08:24AM Feb 07, 2015

All of us cattle producers are focused in many directions on any given day. It’s easy to lose sight of how soon breeding season will be approaching. Yes, it’s early in 2015, but for spring calving operations, the breeding season for 2016 calves will be here in less than 90 days.

By evaluating body condition scores on your cows and first-calf heifers now, you can avoid breed up wrecks in a few months. I’m not advocating having cows in excessive flesh at any time. Instead, if you understand the concept of an inclining plane of nutrition, you can manage your feed resources to your advantage.

Very simply, a cow needs to be at or approaching a body condition score of five to breed. If she is at a three or four body condition score or less, nature tells her body to utilize available energy to maintain itself, and she often won’t show signs of heat.

Pay special attention to first-calf heifers. They are still growing to mature size. Having them in an optimum body condition score for breeding can help improve their longevity in your herd. It is important to remember the heifers that breed on the first or second cycle will often produce your next generation of replacement females. Giving your heifers a thorough review today will help ensure they perform to their potential.  

Start by evaluating your nutrition plan. A cow moving forward on an inclining plane of nutrition will have an advantage over a female that is fat, stale and stagnant. This concept is often confusing and one of the most under-utilized economic tools we have in beef cow management. We don’t have to run fat cows—it is too costly on our feed budgets, leads to problems in calving and damages cow longevity.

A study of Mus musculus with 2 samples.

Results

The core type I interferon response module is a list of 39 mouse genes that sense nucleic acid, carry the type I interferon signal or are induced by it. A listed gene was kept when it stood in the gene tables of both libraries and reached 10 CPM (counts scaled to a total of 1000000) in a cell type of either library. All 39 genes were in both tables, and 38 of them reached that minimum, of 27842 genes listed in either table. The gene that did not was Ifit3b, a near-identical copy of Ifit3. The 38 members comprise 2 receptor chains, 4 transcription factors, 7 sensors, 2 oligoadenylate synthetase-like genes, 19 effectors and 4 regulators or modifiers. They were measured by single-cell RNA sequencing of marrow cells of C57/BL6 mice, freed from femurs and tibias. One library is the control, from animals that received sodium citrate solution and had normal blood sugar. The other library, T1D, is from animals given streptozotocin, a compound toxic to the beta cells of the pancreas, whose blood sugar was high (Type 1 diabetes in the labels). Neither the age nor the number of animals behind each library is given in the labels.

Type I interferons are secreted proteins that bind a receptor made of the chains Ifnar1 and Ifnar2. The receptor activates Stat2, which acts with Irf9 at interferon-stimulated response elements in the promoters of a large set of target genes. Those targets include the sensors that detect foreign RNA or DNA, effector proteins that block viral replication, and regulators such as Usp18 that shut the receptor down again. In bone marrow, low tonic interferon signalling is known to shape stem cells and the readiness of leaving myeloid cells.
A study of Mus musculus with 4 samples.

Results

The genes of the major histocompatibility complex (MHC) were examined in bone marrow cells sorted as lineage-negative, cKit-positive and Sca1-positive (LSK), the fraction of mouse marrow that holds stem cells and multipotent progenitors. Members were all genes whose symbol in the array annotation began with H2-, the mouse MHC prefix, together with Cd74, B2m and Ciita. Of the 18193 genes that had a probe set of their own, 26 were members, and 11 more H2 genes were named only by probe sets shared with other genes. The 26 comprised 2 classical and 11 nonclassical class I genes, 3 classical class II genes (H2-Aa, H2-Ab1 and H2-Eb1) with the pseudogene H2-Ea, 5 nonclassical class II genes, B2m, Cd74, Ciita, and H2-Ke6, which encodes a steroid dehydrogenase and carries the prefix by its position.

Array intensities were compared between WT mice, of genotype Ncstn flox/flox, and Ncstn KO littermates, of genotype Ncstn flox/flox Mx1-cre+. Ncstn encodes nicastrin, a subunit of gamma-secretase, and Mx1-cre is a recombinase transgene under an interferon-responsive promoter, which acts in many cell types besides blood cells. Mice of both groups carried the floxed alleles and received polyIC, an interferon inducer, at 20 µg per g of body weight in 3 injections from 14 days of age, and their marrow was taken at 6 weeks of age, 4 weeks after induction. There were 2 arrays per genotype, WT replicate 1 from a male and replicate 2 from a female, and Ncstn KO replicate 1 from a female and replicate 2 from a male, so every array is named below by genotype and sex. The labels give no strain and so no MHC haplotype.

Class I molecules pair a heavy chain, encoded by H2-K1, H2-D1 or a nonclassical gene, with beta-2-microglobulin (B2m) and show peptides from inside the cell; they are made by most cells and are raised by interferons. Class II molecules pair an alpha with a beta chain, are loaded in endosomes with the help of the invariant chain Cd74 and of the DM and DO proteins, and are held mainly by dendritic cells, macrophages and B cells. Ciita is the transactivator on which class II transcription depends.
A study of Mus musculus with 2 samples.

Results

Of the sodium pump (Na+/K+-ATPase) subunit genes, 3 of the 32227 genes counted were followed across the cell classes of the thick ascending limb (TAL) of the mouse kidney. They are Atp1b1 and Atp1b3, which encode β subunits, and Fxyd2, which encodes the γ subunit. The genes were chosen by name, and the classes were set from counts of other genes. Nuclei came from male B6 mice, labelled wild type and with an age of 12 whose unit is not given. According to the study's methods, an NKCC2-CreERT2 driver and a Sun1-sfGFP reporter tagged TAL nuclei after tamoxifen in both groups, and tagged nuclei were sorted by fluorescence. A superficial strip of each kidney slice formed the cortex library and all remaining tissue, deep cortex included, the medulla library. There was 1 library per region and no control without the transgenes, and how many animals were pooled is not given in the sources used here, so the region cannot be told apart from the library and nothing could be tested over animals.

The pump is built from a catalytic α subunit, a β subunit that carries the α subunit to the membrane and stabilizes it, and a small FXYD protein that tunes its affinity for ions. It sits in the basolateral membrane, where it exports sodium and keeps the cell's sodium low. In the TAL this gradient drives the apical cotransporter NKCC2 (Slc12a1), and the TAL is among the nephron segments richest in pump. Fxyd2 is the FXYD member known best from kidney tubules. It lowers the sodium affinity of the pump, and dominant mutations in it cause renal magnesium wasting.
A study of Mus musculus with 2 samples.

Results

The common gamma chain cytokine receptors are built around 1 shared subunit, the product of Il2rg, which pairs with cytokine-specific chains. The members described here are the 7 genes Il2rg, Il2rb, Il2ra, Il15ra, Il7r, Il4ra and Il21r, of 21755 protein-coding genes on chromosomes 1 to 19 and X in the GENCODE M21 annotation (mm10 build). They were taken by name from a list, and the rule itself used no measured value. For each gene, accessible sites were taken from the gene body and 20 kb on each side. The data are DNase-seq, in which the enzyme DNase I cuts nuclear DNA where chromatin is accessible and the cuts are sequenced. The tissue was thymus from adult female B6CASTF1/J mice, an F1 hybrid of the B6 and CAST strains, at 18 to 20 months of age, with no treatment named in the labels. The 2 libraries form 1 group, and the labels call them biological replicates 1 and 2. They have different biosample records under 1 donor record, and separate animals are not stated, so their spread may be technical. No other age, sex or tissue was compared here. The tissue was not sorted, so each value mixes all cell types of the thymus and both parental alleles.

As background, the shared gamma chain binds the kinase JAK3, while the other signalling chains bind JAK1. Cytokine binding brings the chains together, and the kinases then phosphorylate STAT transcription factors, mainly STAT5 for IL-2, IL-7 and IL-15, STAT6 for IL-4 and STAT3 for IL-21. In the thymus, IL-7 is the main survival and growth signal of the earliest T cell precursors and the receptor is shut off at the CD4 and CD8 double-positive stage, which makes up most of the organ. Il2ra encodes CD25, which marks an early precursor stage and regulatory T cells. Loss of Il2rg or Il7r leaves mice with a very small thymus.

Instead, we need to calve at an optimum body condition score and then as the cow nurses a calf, provide her the additional nutrition to be on an incline. Very simply, if a cow is gaining weight for the 45 to 60 days prior to her first rebreeding opportunity, she will have a greater advantage in conception and throughout her pregnancy compared to a cow on a stagnant plane of nutrition.

How you manage your cows and heifers to hit these targets will depend on your location and production model. For some cowherds, the needed nutrition boost may come from something as simple as moving to a fresh pasture that has standing forage and a protein supplement. In other parts of the country, it may take an increase in additional feed or hay. 

If you recognize that your cowherd or first-calf heifers are behind and you don’t have the resources to move to an inclining plane of nutrition, weaning early is an option. By removing calves, cows can have an almost immediate jump in available metabolic energy. Yes, you might sacrifice some expensive pounds on the calf side, but you won’t sacrifice next year’s calf crop.

Don’t miss the chance to give your cowherd every breed up opportunity. Take a few extra minutes to evaluate cows as individuals and made adjustments today. Don’t wait—it is expensive to play catch up!